In a presentation aptly entitled “(There’s no) accounting for machine vision,” at NIWeek 2010, Nigel Holmes, vision systems development manager at Federal Mogul (Ann Arbor, MI, USA; www.federalmogul.com), spoke of the need for distributed machine visions and how to justify the cost. As an example, Holmes described how the inspection of Champion brand spark plugs had been automated in a distributed fashion.
“Manual parts inspection,” says Holmes, “results in false acceptances in which a bad part reaches the customer or a false reject in which a good part is scrapped.”
To increase the reliability of inspection, machine-vision systems can be deployed either at every point in the production process, in end-of-line inspection systems, or both. In the production of spark plugs, more than 83 different characteristics of the product must be checked. These include a 3-D measurement of the spark plug gap, checking the thread and the part’s ceramic insulator for cracks, chips, and print integrity.
“Automating the inspection process using a single end-of-line inspection system may at first sound like a good idea,” says Holmes. “However, this results in developing large, complex, time-consuming, and expensive systems that may not detect all the features of a spark plug once assembled.” In such cases, the real return on investment (ROI) will often be less than the projected ROI.
Rather than take this approach, Holmes and his colleagues opted for a more conservative method to distribute machine-vision tasks at every step in the manufacturing process (see Fig. 1). Although this results in a large number of systems being deployed, each one can be optimized to measure a single characteristic of the spark plug.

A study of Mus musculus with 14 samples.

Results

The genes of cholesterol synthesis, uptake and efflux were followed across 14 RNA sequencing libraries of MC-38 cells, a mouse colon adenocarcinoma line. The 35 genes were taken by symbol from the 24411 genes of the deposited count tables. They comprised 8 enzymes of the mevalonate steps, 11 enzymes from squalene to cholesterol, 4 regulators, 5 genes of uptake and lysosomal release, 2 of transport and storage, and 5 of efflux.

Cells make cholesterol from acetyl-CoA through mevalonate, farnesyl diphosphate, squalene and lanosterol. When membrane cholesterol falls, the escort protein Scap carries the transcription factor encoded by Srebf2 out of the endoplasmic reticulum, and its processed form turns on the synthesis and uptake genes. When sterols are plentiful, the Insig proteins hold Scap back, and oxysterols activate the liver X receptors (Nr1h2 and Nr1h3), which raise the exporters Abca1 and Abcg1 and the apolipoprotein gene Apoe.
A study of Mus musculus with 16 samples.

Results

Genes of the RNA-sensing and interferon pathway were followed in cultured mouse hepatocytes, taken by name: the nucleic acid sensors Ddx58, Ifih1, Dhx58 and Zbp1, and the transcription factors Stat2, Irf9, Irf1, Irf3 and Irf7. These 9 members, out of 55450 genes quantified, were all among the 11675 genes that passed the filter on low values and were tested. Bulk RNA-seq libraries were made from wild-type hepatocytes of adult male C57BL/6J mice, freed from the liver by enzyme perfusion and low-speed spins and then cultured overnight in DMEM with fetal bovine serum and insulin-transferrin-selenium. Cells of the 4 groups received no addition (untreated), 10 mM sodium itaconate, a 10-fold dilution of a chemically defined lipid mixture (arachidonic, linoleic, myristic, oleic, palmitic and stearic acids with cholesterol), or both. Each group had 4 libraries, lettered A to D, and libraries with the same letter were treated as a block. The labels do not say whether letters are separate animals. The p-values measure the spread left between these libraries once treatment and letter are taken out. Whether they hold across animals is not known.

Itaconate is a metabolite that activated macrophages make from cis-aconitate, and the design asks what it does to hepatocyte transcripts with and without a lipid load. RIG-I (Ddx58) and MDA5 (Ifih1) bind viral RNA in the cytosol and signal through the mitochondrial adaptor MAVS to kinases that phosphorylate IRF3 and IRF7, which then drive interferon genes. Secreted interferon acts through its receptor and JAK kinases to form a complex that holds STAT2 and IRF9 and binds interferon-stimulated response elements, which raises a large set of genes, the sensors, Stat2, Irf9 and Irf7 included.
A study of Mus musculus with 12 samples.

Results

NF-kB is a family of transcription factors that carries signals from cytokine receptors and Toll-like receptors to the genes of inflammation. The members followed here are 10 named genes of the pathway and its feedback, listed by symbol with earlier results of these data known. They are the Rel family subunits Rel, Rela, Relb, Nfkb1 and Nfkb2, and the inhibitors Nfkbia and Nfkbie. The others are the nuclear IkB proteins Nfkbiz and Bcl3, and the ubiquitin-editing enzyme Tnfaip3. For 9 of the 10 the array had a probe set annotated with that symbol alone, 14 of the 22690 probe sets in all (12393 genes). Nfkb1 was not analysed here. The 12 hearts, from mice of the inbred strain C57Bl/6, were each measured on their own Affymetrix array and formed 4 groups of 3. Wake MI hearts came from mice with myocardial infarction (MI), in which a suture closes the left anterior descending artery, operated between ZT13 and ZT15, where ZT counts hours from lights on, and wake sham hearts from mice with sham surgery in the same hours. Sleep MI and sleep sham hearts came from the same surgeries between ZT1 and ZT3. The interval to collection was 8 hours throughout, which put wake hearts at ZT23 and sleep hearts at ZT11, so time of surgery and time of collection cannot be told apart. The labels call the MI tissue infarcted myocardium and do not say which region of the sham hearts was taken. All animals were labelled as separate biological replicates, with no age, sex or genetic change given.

|FIGURE 1. Rather than implement end-of-line inspection in the production of Champion spark plugs, Federal Mogul takes a distributed approach inspecting features at every point in the production process.|
As an example, after the ceramic insulator emerges from the turning operation, the part is imaged and the width, rib, and length are measured. Any broken parts can thus be automatically recycled. Using these measurements, any shifts in the firing process can also be evaluated and feedback used to control the kiln temperature. After the parts are manufactured, the Champion spark plug logo and batch number are printed by rolling each ceramic across a high-speed rotary print head.
To automate print inspection, Holmes and his colleagues mounted a GigE-based camera from Allied Vision Technologies (Stadtroda, Germany; www.alliedvisiontec.com) to image the spark plugs as they rolled across the field of view of the camera (see Fig. 2). These images were then transferred to the host PC over the GigE interface. Using the MIL Library from Matrox (Dorval, QC, Canada; www.matrox.com/imaging), a sequence of images of different views of each ceramic as it rolled through the machine were then tiled and processed to inspect the print.
FIGURE 2. To inspect the print on spark plugs as they rotate past a print head, sequences of images are taken, stitched together, and analyzed for print quality.
“When the machine was built,” says Holmes, “no one had thought of adding a vision system, so it was not equipped with a reject mechanism.” So if poor quality print is detected by the vision system, the machine is simply stopped and the problem resolved.
In concluding his presentation, Holmes returned to his theme of how engineering managers must justify the deployment of such systems by evaluating the cost and results achieved. In an illustrative example, Holmes showed that, for a typical machine-vision system costing $37,350, the annual savings in good parts being scrapped, bad parts being assembled, and reduction in scrap waste could total as much as $20,000 per year.
“Because a distributed approach to parts inspection results in lowering the cost of systems at every point in the production process,” Holmes says, “they can be more easily justified to management.”